The Southeastern Conference’s new network debuts Thursday, promising more than 1,000 live events this year and a reach that includes most major television providers in the South.
The network will be welcomed by millions of fans of who can’t get enough coverage of the most powerful conference in college sports, and SEC officials think it will increase revenue. Getting the network off the ground — with operations at 14 different campuses — wasn’t easy or inexpensive.
Some schools needed to build professional studios, hire a video staff and upgrade stadium and arena TV facilities to accommodate the network, created as a partnership between the SEC and ESPN.
“Each school is in a little different spot coming into this,” SEC associate commissioner for network relations Charlie Hussey said. “A lot of our schools had done a good amount of work already in the infrastructure for this, while others had a little further along to go.
“But we’ll be ready for launch day.”
Tennessee is constructing a $10 million studio in the first floor of its Brenda Lawson Athletic Center. Athletic department spokesman Jimmy Stanton said the studio is privately funded and will have other university uses beyond the SEC Network, such as training students in television production.
The studio’s glass windows will allow viewing opportunities for fans walking past the building on their way to football and basketball games.
“Those fans will be able to literally look through the windows, almost like a New York City environment, and see our coaches being interviewed, our student-athletes being interviewed,” Tennessee Athletic Director Dave Hart said. “It’s one more opportunity for us to create a fan-friendly environment on game day.”
Each of the 14 SEC representatives must have some sort of studio in place for live interviews that the SEC Network can access from its home base in Charlotte, North Carolina.
The schools also need the necessary equipment for visual production for games, some of which will be televised, others which will be broadcast online.
Auburn’s athletic department had to use $5 million from its financial reserves, partly to add two control rooms after deciding its one control room at Jordan-Hare Stadium wasn’t sufficient. The school also hired nine people in April to form an internal video department.
“Some of the schools already had digital studios and those types of things,” Auburn Athletic Director Jay Jacobs said. “We had one in the stadium, but we evaluated that and said, ‘You know, if we’re going to do this, we’re representing Auburn and the SEC, let’s go ahead and do it. So we’re building two production buildings, a state-of-the-art facility. It’s probably just catching us up with a few schools.”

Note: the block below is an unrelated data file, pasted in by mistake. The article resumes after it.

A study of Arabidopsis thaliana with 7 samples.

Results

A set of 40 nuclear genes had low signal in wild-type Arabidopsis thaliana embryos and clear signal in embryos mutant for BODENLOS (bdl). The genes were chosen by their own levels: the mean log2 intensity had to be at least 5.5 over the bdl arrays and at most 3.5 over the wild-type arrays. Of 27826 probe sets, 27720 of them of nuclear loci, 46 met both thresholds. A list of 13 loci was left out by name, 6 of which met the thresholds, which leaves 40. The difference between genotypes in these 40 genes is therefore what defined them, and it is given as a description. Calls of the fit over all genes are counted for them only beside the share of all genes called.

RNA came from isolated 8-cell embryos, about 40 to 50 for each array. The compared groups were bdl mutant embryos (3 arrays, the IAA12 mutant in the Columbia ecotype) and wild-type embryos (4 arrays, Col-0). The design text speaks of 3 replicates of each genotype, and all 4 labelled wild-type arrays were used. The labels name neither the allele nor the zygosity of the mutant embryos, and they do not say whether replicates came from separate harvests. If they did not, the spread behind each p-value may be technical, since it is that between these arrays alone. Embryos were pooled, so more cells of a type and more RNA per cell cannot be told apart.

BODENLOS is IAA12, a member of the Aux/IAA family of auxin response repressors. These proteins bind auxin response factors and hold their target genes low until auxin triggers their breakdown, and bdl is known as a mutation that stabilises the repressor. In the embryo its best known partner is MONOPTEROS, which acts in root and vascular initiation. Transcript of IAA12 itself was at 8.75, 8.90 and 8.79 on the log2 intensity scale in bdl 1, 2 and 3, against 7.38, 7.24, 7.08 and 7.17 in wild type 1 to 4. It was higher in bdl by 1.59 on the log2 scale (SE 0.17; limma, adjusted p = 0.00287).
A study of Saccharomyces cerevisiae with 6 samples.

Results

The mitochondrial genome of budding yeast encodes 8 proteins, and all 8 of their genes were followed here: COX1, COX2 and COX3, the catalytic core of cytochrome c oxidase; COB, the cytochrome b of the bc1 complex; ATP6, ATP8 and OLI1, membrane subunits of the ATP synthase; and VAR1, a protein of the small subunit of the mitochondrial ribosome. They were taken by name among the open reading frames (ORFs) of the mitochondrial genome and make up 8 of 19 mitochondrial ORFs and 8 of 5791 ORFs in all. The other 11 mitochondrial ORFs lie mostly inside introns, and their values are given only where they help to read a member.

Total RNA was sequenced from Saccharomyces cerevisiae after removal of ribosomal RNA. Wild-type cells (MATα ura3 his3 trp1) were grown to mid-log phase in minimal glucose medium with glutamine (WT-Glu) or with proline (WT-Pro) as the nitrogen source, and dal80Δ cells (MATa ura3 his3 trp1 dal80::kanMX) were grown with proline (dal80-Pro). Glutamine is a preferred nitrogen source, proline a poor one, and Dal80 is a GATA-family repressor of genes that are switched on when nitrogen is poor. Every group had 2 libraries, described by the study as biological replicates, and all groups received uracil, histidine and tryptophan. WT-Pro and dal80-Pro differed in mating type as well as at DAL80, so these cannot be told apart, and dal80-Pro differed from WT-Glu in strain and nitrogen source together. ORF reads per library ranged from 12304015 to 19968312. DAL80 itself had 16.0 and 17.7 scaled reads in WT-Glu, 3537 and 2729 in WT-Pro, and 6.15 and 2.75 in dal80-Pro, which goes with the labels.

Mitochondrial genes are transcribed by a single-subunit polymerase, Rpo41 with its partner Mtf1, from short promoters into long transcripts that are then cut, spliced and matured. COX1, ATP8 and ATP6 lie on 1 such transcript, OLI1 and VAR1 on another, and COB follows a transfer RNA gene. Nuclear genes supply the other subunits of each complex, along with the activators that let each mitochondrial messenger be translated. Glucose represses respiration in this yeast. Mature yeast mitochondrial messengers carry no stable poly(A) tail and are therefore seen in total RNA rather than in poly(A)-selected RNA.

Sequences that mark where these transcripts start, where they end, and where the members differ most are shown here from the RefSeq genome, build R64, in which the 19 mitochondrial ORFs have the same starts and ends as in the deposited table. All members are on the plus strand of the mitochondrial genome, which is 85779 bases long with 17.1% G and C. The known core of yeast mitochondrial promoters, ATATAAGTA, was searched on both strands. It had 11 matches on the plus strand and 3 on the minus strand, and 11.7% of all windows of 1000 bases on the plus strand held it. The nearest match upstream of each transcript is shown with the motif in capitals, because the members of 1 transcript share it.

Auburn associate athletic director Cassie Arner said multiple control rooms were necessary for overlapping coverage that could allow two live events to be broadcast at the same time.
Other schools like Ole Miss, Mississippi State and Florida already had substantial video departments because of previous investments. Ole Miss Athletic Director Ross Bjork said his school spent about $750,000 — mostly on fiber optic cable to connect all facilities with the studio.
All that equipment makes it easier for schools to broadcast events themselves, and the SEC Network already has guaranteed it will air at least 40 events per school digitally. For example, South Carolina plans to broadcast about 120 home games of men’s and women’s soccer, volleyball, men’s and women’s basketball, baseball and sand volleyball this year.
Tennessee officials believe prospects will be impressed when they visit campus and see players and coaches being interviewed in a state-of-the-art studio. It’s just the latest example of how SEC schools continue to compete with one another in trying to build the best facilities and attract the best recruits.
“Everyone’s continuing to evolve,” Tennessee coach Butch Jones said. “Everyone’s continuing to look into the vision of how they can elevate and grow their program and the facilities.
“In the SEC, no one stands still.”
AP sportswriters John Zenor, Brett Martel, Pete Iacobelli, Mark Long and Teresa Walker contributed to this story.